General Studies Paper 3

Context: India has faced many challenges in creating self-sufficiency. The same practices should not be repeated in the case of renewable energy.

What are the challenges India faced in the case of hydrocarbon and how can they be used as lessons for renewable energy?

  1. Challenges in accessing indegenous resources– Although, India had the raw material of oil and gas. But the hydrocarbon resources are located in harsh terrain and complex geology. Which were difficult to locate and even if located, they were difficult to produce on a commercial basis. The reason is the high cost of drilling and development.

Similarly, it is difficult to create a world class hub for the manufacture of batteries, solar cells, wafers and modules, on the basis of availability of technical talent and capital. Process cost, due to land acquisition, erratic supplies of water and power and legal redress, needs to be minimised.

  1. Issue with use of technology– The recovery rate of oil and gas from India’s producing fields has averaged between 25-30%, compared to world average of 40-60 per cent. it is not due to access to Enhanced oil recovery technologies. The reason is the utilisation of these technologies, which is not efficiently implemented.

Therefore, clean energy sector should not take the availability of tech as manufacturing competitiveness. China’s dominance in PV solar cell manufacturing is because, its engineers have been successful in implementation of the several technological steps, required to convert raw material into an end product, efficiently.

  1. Incentive model– The exploration sector was leiberalised in the expectation of more foreign investment. But, international companies shown lack of interest, stating our geology as high risk. India fiscal and commercial terms were not internationally competitive for them.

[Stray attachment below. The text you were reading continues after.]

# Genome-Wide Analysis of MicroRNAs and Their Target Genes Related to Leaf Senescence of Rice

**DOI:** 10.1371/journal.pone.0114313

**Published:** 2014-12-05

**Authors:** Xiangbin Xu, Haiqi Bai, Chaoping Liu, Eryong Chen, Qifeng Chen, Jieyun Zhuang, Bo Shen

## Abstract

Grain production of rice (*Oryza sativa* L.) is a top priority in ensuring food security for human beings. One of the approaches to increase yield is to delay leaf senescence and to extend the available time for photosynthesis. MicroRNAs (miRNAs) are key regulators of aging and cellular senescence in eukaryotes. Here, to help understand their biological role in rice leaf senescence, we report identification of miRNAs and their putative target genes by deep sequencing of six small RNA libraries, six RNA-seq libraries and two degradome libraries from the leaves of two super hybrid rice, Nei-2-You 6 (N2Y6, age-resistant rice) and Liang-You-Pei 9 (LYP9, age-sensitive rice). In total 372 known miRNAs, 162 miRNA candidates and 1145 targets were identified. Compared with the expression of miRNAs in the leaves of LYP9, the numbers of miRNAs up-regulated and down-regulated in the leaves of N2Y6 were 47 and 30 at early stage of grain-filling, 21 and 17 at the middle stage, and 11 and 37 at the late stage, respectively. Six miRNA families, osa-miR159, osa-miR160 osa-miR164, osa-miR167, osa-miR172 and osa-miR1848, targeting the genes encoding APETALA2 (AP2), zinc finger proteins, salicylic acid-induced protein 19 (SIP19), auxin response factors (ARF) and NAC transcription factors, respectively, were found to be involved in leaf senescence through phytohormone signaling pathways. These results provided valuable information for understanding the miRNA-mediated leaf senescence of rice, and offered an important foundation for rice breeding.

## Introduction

A similar disappointment is possible in case of the PLI scheme for clean energy sector. This is because the incentives offered are small compared to the benefits provided by the US through the “inflation reduction act” and Europe through its “net zero industry act”.

The US offers, for instance, subsidies up to $10 billion or single factories. It is equivalent to total subsidy under PLI. Therefore, India cannot compete on the size of the incentive package with advanced economies. The focus should instead be to lower entry barriers, ease business conditions.

  1. External dependence– Finally, India remains dependent on the external market for supplies of petroleum. There is no easy solution to reverse this imbalance and address its vulnerability to unexpected supply disruptions.However, The government has successfully diversified its supplies without involving in domestic or regional politics and conflicts.

Similarly, clean energy minerals and components are internationally available. Instead of creating high-cost, domestic, clean energy hub dependent upon subsidies, government should strengthen the trading relationship with exporting countries.